Jun 23, 2009 Editorial
The Auditor General has once more revealed what can only be termed blatant disregard for accounting procedures and for the rule of law. The most damning comment to come out in the wake of the report has been the findings on the award of contracts to the local drug manufacturing company.
The law states that sums from the public treasury over a certain sum for certain contracts must go to the Central Tender Board. However, the Auditor General has unearthed the splitting of contracts to avoid going to the Central Tender Board. This is corruption at its worst.
For the past two years the Auditor General has been reporting on this, but it continues. There is blatant disregard for the procedures and utter disrespect for the people of Guyana. The least one could have expected would have been some effort to curb the practice in light of the exposure.
This past week, the Parliamentary sub-committee called in the officials of the Georgetown Public Hospital and the Ministry of Health to account for certain disbursements ostensibly for the purchase of drugs from the New Guyana Pharmaceutical Corporation (GPC).
Of major focus was the Cabinet ‘No Objection’ to contracts. A piece of correspondence dated May 7, 2009, indicated that there was a Cabinet ‘No Objection’ for the procurement of drugs worth US$76,681 ($15.3 M). The National Procurement and Tender Board by way of a note stated that once the contract was awarded between the Ministry of Health and the New GPC, the sheet should be returned to the tender board. This was not done.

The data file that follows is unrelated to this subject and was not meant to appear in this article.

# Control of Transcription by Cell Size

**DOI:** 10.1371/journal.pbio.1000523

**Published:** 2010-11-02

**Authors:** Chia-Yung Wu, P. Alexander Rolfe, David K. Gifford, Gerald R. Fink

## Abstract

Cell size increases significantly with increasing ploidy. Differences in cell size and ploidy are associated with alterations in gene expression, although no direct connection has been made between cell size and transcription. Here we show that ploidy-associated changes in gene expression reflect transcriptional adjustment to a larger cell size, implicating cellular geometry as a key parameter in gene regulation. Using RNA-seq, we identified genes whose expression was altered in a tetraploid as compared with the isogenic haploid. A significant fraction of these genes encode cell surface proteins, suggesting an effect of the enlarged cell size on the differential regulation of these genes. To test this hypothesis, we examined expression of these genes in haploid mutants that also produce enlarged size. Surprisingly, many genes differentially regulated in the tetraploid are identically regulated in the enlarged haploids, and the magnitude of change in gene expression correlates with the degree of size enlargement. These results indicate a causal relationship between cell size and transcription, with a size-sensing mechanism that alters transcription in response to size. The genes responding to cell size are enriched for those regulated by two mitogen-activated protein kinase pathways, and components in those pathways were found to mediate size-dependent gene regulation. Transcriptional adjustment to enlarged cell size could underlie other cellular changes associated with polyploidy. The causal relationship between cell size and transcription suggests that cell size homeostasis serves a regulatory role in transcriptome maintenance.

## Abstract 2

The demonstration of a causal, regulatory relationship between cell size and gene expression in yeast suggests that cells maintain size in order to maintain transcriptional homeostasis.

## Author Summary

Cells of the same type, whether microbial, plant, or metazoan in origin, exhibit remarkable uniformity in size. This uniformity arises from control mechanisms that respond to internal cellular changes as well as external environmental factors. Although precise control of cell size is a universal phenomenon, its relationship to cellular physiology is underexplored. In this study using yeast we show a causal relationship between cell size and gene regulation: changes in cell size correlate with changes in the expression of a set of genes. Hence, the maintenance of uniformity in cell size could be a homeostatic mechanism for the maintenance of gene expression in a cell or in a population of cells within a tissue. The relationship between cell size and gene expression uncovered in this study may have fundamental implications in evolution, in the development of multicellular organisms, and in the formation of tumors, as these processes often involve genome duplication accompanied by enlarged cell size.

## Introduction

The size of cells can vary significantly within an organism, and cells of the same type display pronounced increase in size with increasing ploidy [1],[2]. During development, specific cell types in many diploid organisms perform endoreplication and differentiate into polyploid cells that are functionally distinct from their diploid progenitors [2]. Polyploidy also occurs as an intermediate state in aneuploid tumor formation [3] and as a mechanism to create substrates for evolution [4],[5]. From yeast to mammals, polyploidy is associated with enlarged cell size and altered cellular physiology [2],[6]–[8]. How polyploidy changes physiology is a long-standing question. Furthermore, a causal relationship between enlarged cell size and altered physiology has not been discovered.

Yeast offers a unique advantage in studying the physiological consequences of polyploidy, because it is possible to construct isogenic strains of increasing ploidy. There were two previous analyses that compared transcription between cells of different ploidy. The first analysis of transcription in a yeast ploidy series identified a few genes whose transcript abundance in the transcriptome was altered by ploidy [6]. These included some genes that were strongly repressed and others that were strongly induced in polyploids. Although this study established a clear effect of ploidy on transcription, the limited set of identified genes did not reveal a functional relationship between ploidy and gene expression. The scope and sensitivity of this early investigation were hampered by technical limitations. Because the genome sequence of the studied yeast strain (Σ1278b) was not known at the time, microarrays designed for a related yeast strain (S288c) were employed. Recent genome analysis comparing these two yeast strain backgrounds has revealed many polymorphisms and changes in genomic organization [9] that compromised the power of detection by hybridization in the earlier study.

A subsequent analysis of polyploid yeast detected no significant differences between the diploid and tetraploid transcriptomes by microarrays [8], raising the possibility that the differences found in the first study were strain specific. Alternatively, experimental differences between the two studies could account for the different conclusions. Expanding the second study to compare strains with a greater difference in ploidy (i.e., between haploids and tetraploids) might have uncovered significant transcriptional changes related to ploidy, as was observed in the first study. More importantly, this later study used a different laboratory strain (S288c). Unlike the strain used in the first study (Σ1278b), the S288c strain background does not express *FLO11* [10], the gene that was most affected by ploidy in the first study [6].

Two weeks later there was again a Cabinet ‘No Objection’ for an award of US$2,681,293 ($536 million). This should have been the preserve of the Central Tender Board but once more there is this disregard.
Last year, when this was brought to the attention of the Minister of Health, he acknowledged that there were mistakes in the contracts and that having taken note of the Auditor General such mistakes would be corrected in light of the new legislation. Nothing has happened and the lawlessness continues under the guise of administrative instructions. Mr. Winston Murray, a member of the Parliamentary Public Accounts Committee, stated that Cabinet did not have the authority to waive the tender process that is outlined in the law.
He is correct. Excuses that the new law allows for a waiver of the tender process cannot hold water because it does not. “Public tendering is mandatory under the law and for such tendering an invitation to tender must be had,” Murray said.
Murray also said that a provision in the law for selective tendering, given complexity or specialized nature, is available only from a limited number of suppliers but he emphasized that such suppliers shall be invited to submit.
Now this was made clear since last year, but the government continues the process of operating outside the regulation. This is clearly a total disregard for the law and for conventions.
We are still at a loss to understand why the government still refuses to pass the Lotto Funds through the Consolidated Fund. This was mandatory and for years the various Opposition Members of Parliament have been making this case. Whatever they say has been falling on deaf ears because the government simply ignores any argument made for the upholding of the law.
There is a lot wrong here. It is small wonder that there is so much fraud in government ministries and departments because the disregard for the law allows these departments to do whatever they wish. Queries are then answered either with an apology and a promise to adhere to the law, or with basic silence as if to say to the public that it is none of your business.
In some countries, there would be a clamouring for prosecution of those who breach the law, but in Guyana there is a stony silence on the part of the majority of those who are supposed to look after the interest of the nation.
The society should remain silent no longer. It is their money that is being spent in so cavalier a manner. The government must be made to account for its indiscretion.